The practice of yoga, considering all its spiritual, mental and physical benefits for today’s lifestyles. Dates back at least 2,000 years with some references as far back as 5,000 years ago. With yoga doing so much good for our minds and bodies for so long, you’d think that more of us would be aware of its benefits.
But we’re a stubborn bunch that likes to see the results of things like lab tests and clinical trials before we feel that a treatment or practice may be worthwhile.
Fortunately, the world of science has been coming around more and more to back many of yogas claims to boost your mental and physical strength.
Here are just a handful of yoga’s better-known benefits and some scientific evidence to support the claims.
1. Reduces Stress
If there is one mind/body benefit yoga is most well-known for, it is in easing stress and promoting relaxation. It just makes so much sense. Stress can be part of our ancient defence mechanisms, like fight or flight. Using relaxation techniques to defuse these primal reactions is a great idea.
And there is a scientific link between increased physical activity, including the sorts of activities practiced in yoga, and a decrease of cortisol in the body. Cortisol is the hormone most responsible for producing stress.
2. Increases Quality of Life
Again, even in the absence of hard evidence, this makes perfect sense. Yoga is a practice that helps you deal with and manage many of life’s difficulties, including stress and anxiety. If we manage to reduce the effects of those difficulties, then our quality of life is bound to improve.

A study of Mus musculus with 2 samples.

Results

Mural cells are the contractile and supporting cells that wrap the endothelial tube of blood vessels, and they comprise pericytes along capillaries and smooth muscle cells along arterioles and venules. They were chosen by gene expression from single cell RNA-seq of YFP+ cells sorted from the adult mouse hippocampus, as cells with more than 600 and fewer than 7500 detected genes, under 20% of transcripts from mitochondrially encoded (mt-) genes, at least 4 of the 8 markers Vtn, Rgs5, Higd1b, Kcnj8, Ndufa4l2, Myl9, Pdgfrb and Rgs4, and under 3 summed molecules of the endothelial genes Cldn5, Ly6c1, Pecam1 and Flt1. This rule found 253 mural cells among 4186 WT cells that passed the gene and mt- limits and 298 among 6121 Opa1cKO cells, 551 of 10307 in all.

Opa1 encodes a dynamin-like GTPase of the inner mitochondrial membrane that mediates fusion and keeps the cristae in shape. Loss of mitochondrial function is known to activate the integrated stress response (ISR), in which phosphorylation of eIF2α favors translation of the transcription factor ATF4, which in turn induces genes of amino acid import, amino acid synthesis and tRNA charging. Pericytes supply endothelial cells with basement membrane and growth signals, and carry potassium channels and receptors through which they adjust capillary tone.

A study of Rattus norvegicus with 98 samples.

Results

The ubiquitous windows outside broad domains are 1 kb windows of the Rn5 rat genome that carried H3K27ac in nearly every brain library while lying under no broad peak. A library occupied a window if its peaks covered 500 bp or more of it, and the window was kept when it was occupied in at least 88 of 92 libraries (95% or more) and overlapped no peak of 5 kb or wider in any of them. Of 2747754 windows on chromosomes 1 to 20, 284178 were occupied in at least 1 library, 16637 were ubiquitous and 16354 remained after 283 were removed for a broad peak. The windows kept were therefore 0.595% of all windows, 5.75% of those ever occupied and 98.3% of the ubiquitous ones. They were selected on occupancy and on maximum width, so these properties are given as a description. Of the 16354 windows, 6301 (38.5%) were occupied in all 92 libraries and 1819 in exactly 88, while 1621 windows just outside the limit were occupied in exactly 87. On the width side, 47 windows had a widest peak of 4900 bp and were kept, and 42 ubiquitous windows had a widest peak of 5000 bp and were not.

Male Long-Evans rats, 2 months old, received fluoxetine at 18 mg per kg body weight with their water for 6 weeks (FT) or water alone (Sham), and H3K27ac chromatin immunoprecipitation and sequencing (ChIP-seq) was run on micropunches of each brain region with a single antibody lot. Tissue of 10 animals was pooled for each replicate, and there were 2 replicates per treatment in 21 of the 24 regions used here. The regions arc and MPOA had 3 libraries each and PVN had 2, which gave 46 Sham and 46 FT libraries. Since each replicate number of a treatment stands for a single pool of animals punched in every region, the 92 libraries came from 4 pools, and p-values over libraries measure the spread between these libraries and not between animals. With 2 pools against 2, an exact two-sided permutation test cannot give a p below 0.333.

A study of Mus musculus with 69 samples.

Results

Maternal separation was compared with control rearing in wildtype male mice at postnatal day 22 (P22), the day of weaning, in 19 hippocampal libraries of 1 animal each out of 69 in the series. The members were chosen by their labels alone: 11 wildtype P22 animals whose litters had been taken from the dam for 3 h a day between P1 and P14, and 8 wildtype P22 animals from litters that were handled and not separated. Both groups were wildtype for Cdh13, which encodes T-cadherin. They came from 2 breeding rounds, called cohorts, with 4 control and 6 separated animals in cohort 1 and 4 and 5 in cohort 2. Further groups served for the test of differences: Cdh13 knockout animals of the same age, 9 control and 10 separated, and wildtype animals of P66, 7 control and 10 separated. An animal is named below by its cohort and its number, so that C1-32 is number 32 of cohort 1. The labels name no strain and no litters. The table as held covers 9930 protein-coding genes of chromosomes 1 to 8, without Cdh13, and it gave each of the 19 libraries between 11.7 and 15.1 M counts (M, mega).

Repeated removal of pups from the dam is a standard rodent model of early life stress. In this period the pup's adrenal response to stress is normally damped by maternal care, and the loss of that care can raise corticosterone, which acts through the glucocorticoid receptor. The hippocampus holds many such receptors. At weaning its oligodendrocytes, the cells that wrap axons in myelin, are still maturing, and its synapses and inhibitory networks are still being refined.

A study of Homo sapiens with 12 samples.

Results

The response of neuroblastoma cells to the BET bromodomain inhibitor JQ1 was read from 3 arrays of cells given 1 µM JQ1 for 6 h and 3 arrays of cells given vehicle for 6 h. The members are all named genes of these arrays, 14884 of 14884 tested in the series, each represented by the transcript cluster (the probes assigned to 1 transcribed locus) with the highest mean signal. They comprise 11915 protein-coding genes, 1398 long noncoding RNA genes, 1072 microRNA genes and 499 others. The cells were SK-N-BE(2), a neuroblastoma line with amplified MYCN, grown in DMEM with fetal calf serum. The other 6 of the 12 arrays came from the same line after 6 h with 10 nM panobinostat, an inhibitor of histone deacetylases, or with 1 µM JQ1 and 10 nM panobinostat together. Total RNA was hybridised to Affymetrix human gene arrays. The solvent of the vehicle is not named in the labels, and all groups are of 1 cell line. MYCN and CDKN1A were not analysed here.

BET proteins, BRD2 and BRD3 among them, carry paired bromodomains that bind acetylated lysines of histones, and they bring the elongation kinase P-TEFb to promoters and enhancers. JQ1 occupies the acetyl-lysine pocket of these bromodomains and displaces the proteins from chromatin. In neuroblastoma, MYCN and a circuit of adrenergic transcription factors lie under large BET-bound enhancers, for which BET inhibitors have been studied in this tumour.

But it goes way beyond simply finding a coping mechanism for daily challenges. In one study of women with breast cancer who were undergoing chemotherapy, yoga was found to reduce the effects of the symptoms of chemotherapy treatments. Including nausea and vomiting, and as credited with improving quality of life at the same time.
3. Can Help with Depression
One of the most recommended ‘self-help’ treatments for depression is to get more active. Whether your depression is episodic or chronic, it can drain your energy levels significantly. The lack of activity only adds to the speeding snowball of symptoms. But activity, anything from walking to a full-on gym workout are all regarded as reliable ways to improve how you feel.
Again, yoga has been shown to reduce levels of cortisol in the body. Cortisol promotes the production of serotonin, which is a neurotransmitter associated with depression.
4. Can Relieve Chronic Pain
Persistent pain can seriously affect your quality of life. Whether the pain is caused by inflammation, injuries or conditions like arthritis. Yoga has been shown in a number of studies to help reduce pain and improve physical function.
In one study, 42 participants suffering from carpal tunnel syndrome were split into two groups. One group was treated with a wrist splint and the other group practiced yoga for eight weeks. At the end of the study, the yoga group reported a greater reduction in pain and had a greater improvement to their wrist strength.
5. Better Flexibility & Balance
It might seem obvious that practicing poses that often mean you must balance on one foot or stretch in any number of ways would improve your flexibility and balance.
But studies have shown, even in trained college athletes. Flexibility and balance are increased significantly across a number of measures in groups who practiced yoga versus groups who didn’t.
Starting earlier in April, trained and certified yoga instructor Sheila Abbruzzo has offered yoga classes every Monday night at PinPoint Health. Monday Night Yoga classes are suitable for all levels of yoga and you can choose to attend as many classes as you like. Contact us here at PinPoint Health to learn more.